The National Collegiate Athletic Association announced Thursday that, beginning in 2019, it will distribute millions of dollars in revenue to member institutions based on the academic performance of their athletes. The money will come from the association's new $1.1 billion multimedia rights deal for the NCAA's men's basketball tournament. Colleges will be awarded the funds by earning "academic units" based on the academic performance of their teams, similar to how programs earn units based on how far they advance in the tournament.
According to the NCAA, each school can earn one academic achievement unit per year if its athletes meet at least one of the following requirements:
- Achieve an overall single-year, all-sport academic progress rate of 985 or higher.
- Achieve an overall all-sport graduation success rate of 90 percent or higher.
- Achieve a federal graduation rate that is at least 13 percentage points higher than the federal graduation rate of the student body at that school.
The NCAA estimated that about 66 percent of the 349 Division I institutions will earn an academic unit in the first year of the new system, meaning each of those colleges will receive about $55,678. The size of the distribution will grow each year, the NCAA stated, with the amount of money each college receives swelling to about $500,000 by 2031.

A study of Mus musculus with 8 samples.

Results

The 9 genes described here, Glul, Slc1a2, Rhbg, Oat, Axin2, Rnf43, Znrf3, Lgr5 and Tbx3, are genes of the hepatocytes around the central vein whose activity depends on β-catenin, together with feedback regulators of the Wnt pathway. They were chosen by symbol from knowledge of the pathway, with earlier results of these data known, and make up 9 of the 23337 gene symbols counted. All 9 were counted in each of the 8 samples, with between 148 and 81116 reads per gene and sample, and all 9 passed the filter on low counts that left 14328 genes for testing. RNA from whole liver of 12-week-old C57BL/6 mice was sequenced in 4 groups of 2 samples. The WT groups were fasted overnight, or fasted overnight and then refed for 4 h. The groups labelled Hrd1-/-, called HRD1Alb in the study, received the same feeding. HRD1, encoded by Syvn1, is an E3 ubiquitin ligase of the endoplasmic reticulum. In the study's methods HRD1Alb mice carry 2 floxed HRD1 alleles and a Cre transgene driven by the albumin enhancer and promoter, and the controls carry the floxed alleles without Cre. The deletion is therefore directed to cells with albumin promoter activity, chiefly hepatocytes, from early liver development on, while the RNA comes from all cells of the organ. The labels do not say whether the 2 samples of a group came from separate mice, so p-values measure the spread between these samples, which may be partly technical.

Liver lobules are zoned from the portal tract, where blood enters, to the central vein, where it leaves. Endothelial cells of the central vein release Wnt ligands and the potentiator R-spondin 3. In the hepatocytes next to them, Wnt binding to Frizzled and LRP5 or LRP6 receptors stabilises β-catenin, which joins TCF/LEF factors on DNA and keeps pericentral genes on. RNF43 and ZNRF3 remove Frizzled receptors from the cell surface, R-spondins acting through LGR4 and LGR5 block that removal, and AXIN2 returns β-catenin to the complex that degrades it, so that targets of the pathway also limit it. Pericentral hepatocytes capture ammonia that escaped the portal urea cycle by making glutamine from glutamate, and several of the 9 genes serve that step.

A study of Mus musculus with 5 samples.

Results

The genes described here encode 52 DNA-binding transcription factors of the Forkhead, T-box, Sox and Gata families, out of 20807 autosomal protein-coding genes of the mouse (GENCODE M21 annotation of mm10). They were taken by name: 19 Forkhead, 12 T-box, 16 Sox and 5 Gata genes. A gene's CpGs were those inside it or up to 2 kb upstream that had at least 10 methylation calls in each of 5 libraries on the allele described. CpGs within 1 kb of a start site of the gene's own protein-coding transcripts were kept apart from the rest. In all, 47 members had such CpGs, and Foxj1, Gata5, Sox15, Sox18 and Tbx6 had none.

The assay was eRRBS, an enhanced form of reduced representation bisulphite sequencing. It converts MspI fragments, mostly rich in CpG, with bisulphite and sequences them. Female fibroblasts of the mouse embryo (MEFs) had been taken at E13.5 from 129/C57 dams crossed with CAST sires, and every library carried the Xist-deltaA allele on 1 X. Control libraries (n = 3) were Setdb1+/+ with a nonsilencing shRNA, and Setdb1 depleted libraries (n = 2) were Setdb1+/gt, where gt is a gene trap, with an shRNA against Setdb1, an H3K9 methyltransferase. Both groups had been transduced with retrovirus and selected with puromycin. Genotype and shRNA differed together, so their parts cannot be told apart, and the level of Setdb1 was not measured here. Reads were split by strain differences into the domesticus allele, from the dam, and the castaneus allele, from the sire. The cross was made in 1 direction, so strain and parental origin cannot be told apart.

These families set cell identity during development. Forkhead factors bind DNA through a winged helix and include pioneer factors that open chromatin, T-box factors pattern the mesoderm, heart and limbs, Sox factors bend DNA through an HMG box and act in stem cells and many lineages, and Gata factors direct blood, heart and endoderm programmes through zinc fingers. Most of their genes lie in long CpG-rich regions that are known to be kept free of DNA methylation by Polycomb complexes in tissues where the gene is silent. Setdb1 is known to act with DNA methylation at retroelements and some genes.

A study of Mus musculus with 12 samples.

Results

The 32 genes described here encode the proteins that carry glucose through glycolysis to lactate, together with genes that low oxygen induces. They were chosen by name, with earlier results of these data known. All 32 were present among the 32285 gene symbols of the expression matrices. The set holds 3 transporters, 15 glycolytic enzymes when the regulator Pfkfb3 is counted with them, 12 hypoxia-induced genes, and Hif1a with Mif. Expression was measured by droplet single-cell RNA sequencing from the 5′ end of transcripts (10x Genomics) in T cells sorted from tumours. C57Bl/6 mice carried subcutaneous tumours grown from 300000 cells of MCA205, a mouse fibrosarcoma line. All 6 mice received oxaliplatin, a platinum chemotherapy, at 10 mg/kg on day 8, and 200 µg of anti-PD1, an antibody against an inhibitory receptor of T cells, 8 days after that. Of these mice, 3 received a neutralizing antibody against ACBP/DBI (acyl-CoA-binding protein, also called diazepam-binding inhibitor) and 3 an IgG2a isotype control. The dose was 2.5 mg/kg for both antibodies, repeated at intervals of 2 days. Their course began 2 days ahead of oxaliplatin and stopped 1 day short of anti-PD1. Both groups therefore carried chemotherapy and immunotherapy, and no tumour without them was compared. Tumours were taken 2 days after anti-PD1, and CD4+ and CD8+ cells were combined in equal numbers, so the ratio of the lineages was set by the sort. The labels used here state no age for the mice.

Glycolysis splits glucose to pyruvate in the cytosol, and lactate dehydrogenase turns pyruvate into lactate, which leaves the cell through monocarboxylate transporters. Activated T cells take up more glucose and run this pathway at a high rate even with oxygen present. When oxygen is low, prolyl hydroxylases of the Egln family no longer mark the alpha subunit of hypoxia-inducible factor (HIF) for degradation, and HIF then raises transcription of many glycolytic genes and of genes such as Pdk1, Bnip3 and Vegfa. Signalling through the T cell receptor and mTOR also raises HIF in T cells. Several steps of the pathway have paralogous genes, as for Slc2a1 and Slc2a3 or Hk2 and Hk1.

The Knight Commission on Intercollegiate Athletics has called for the creation of such a system for 15 years. William E. Kirwan, the commission's chair, who is retiring in December after a decade of leading the group, said in a statement Thursday that he was glad to finally see the change happen.
“It’s especially gratifying, in my final months on the commission, to see the NCAA take this game-changing step to place a higher value on education in college athletics,” Kirwan said. “It is critical to align the incentives in college sports with educational values.”
But David Ridpath, president of the Drake Group, an organization pushing for more emphasis on academics in college sports, said the change was little more than a public relations move by the NCAA.
"Just like the [academic progress rate], this becomes a measurement that schools that are already rich can reach easily just by continuing a system of academic sleight of hand and eligibility maintenance, along with expensive 'academic support' programs," Ridpath said. "This monetary bonus and the current academic measurements used by the NCAA do not measure true academic progress, and without a system of transparency and disclosure, they never will. The lower-resource schools that need the money will continue to lose out, because they don’t have the resources or ability to chase these numbers. They end up getting punished for essentially not gaming the system. Let’s not forget some of the highest APRs over the past few years were Auburn, Michigan and North Carolina. Need I say more?"